Dear Dr. G,

I am delighted to see that you responded to an email from a female reader last week, and I am hoping to follow suit by enquiring about similarly taboo matters.

My husband and I have been married for nearly twenty years and raised two children who are both in boarding schools abroad and given the current lockdown, we really appreciate the empty nest and treasure the opportunity to be together again.

Like most couples, we enjoy our active sex life. However, both my husband and I agree that action in the bedroom has gone stale in recent years.

Following advice from friends, my husband and I started to bring some fun into the bedroom such as sensual massages and role-play.

I must say, the anticipation and silliness of such adventures have brought endless fun and giggles into the bedroom and as we get more and more adventurous, I am toying with the ideas of introducing “marital aids” between the sheets.

However, I am surprised that my husband was so shocked with the idea of sex toys and thinks this is a form of sexual deviance and the beginning of the point of no return!

I am a bit lost and would like to put Dr. G on the spot for his views on sex toys.

What constitutes sex toys and are they a form of sexual deviance?

Are sex toys physically harmful and will sex toys cause a strain in a relationship?

Also, why are some partners so against the idea of enhancing sex with marital aids?

Finally, how do I convince my husband to at least try such ideas?

Toying Tania

Sex toys can range from erotic electro-stimulation, penetrative devices, nipple and penile toys. Erotic electro-stimulation objects are generally machines stimulating the nerve endings of genitals with electricity pulses, while penetrative devices generally resemble a penis with the option of additional shapes for G spot stimulation or vibratory functions. Additionally, penile and nipple toys are artificial vaginas and clamps that stimulate erogenous part of the bodies.

Basically, sex toys are objects that have a sole purpose of enhancing human sexual pleasure while sexual deviance is a concept that refers to a behaviour where individuals seek erotic gratification through means that are considered odd, different or unacceptable to most persons in the community.

Although the secret (or open) use of sex toys by individuals (or couples) is not uncommon, the acceptance of such a practice is widely variable in different backgrounds, beliefs and morals. Perhaps, this is the reason why sex toys are deemed illegal in many countries, where the device is considered an “obscene product”. With such perceptions of sex toys, some couples and cultures may have strong view of such “deviation from the norm”, and react in stigmatizing and ostracizing ways.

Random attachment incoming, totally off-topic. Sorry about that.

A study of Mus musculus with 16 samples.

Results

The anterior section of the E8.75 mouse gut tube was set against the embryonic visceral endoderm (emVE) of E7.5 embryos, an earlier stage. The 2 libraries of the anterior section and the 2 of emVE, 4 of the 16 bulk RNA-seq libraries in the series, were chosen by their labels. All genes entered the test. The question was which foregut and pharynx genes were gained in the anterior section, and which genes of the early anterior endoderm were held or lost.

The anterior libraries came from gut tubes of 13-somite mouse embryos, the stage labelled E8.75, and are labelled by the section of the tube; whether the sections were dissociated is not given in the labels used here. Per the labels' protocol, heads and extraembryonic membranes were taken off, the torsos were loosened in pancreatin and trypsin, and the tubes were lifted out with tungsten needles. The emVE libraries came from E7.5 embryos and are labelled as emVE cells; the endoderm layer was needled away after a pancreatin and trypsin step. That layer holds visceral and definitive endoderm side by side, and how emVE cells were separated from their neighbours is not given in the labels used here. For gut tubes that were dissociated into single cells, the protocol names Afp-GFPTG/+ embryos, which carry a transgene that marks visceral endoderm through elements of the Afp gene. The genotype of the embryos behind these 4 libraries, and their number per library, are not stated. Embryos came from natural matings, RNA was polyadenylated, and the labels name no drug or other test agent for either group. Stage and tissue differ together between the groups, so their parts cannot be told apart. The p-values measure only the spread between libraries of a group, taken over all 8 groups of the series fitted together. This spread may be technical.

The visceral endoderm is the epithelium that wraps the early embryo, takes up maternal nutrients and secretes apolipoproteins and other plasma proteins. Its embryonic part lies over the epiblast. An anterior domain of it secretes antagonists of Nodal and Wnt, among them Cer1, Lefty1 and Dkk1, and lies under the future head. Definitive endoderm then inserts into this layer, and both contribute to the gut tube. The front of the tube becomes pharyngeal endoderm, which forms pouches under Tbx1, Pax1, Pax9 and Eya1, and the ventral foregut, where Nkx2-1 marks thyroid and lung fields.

In recent years, although sex toys were advertised openly, theywere just disguised as other objects in life with sex toy distributors selling their wares with euphemisms such as “marital aids” and “novelty items” to lessen the taboo. For example, Hitachi has yet to clarifiy the purpose of its battery-operated device, famously named The Magic Wand.

All said and done, the industry is estimated to have a market value of US$15 billion in 2008, and a projected annual growth of 30%. Easy purchases online and mainstream drugstores have somewhat diminished the stigma, making sex toys more accessible to couples who want to add a different dimension to their sex life without being perceived as deviant.

Many individuals and couples introduce sex toys into their sex life out of curiosity. According to one study, 82% of couples are keen to keep their sex life as exciting as possible, and 52% opted for sex toys. Nearly half of the couples opted for sex toys and generate open communication. Chapman University reported a study in 2016 that highlighted how couples can explore novel ways of being intimate; the introduction of sex toys tends to have better relationship satisfaction. The

study reflected that the usage of sex toys in couples helps to maintain passion and desire in a relationship. This also enhances other activities like scheduling date nights and trying new sexual positions. The study also revealed that 53% of heterosexual women reported using sex toys, with 86% reporting sexual satisfaction.

On the other hand, the introduction of sex toy without open communication can also cause deterioration in a relationship as one partner may feel threatened about his sexual ability and others may feel judged on the desire to explore. Indeed, heterosexual men who used sex toys in the relationship actually reported lower satisfaction. This may be due to men feeling inferior when the use of devices reflected poorly on their own sexual ability, leading to the feeling of redundancy and fear of their partner being overly reliant on sex toys.

The American theorist and futurist R Buckminster Fuller once warned: “Those who play with the devil’s toy will be brought by degrees to wield his sword.”

Despite the great variation of sex toys hitting the right spots in self-pleasure and spicing up action in the bedroom, many still find introducing sex toys into the bedroom intimidating, unnatural and potentially taking the relationship down the “devil’s path”.

While an over-reliance and excessive use of such devices will result in a partner feeling inferior and left out, the use of sex toys in a relationship with honest communication is beneficial, as the curiosity for novelty and exploration allows open and honest discussion about likes and dislikes.

As acceptance of such novelty evolves, it is important to constantly reflect on the balance between sex, pleasure and human affection. When couples having toying ideas between the sheets puts Dr. G on the spot for his view, he reckons that “balanced playing with the devil’s toy can only enhance the degree of wielding an angelic sword!”